It was a different case — and a different judge — but the verdict was pretty much the same. Once again, the federal court handling Operation Car Wash-related cases convicted former President Luiz Inácio Lula da Silva for corruption and money laundering, dishing out a similar sentence to his first conviction: 12 years and 11 months. This time around, Lula was found guilty of concealing the ownership of a country house in Atibaia, in the greater São Paulo area, adjudged to be a kickback from construction companies.

According to federal prosecutors, the construction companies Schahin, OAS, and Odebrecht paid bribes in exchange for hefty contracts with the public administration. In her sentence, Federal Judge Gabriela Hardt said “there is no doubt that [the companies] paid for the beautification of a property used by former President Lula,” and that the kickbacks were funded by money embezzled from Petrobras, Brazil’s state-run oil and gas company.

This conviction — Lula’s second in as many years—was a foregone conclusion. Of all the cases against the former president, this was arguably the strongest. “What is questionable about this case — and several cases against Lula — is the connection between the corruption practices denounced and the Petrobras scandal. There is no undeniable connection — which means that the case should have been tried by a different court, conducted by different prosecutors, and analyzed by different judges,” says Claudio Couto, a political scientist professor at Fundação Getulio Vargas and a columnist at The Brazilian Report.

The trial result buries Lula deeper into the prison system — and makes his possible release from prison even more unlikely. He is jailed since April 2017, serving a 12-year sentence for another corruption and money laundering conviction. Now, he must battle not one, but two guilty verdicts. “It also weakens his narrative that he is the victim of a witch hunt, as his convictions pile up,” says Mr. Couto.

For those who oppose Lula and his Workers’ Party, this second conviction is more proof that the former president was little more than a populist who abused his office for personal gain.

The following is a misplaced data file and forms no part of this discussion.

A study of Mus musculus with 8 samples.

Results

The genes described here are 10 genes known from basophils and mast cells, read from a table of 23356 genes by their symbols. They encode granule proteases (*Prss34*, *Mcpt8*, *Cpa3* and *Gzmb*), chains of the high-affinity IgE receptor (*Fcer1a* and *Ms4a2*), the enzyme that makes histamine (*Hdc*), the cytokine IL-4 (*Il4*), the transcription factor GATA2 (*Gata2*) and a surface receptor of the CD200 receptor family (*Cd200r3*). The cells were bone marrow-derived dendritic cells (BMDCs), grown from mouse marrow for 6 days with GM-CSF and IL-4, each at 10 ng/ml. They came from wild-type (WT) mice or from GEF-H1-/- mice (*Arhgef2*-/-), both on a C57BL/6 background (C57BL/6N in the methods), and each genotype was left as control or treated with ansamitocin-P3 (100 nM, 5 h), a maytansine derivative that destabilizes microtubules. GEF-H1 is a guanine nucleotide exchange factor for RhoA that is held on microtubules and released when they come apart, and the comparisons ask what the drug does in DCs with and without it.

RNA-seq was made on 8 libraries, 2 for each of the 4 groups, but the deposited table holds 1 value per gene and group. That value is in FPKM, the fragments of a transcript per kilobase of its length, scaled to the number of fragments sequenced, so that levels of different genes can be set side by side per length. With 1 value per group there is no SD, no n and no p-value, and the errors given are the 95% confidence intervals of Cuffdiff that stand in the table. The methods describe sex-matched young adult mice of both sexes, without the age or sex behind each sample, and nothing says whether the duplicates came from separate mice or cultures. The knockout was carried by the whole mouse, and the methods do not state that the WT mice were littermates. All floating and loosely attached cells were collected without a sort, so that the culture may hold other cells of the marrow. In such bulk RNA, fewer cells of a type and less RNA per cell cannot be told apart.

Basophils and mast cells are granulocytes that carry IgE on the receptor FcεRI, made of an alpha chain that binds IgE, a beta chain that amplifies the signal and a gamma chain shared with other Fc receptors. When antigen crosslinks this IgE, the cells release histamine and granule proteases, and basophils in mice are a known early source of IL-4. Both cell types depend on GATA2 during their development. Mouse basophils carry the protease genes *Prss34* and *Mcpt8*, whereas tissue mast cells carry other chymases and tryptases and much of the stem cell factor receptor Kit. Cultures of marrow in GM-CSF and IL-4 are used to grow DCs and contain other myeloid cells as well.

For Lula supporters, the conviction is nothing but more evidence of how judges and prosecutors have gone after the most important leader of the Brazilian left —  and the most popular politician in our history. That sentiment is enhanced by recent judicial decisions that suggest an over-politicization of processes against Lula. A textbook example happened last week, when Lula was denied his right to attend his brother’s funeral until less than an hour before, when there was no more time to pay his respects.

But for those who can see the case through less-passionate lenses — a group becoming smaller and smaller every day — the case could fuel demands for the same diligence in cases against right-wing politicians.

The case against Lula

We have compiled the strongest elements of proof used by federal prosecutors to build their case and arrive at another conviction against Lula:

  1. The proximity between the country house’s formal owners and the Lula da Silva family;
  2. The information that vehicles used by the former president and his staff visited the property 270 times between 2011 and 2016 — and that Lula’s security staff attended the place a further 100 times, give or take;
  3. The installation of security cameras in the house by Lula’s personal security team;
  4. Messages exchanged between the housekeeper and the Lula Institute regarding construction work being carried out in the property;
  5. The presence of numerous personal items belonging to Lula and his family members — including clothing;
  6. Receipts in the name of construction companies and the former president’s late wife and staff members related to objects being kept in the property;
  7. The draft deed of the property in the name of the former president.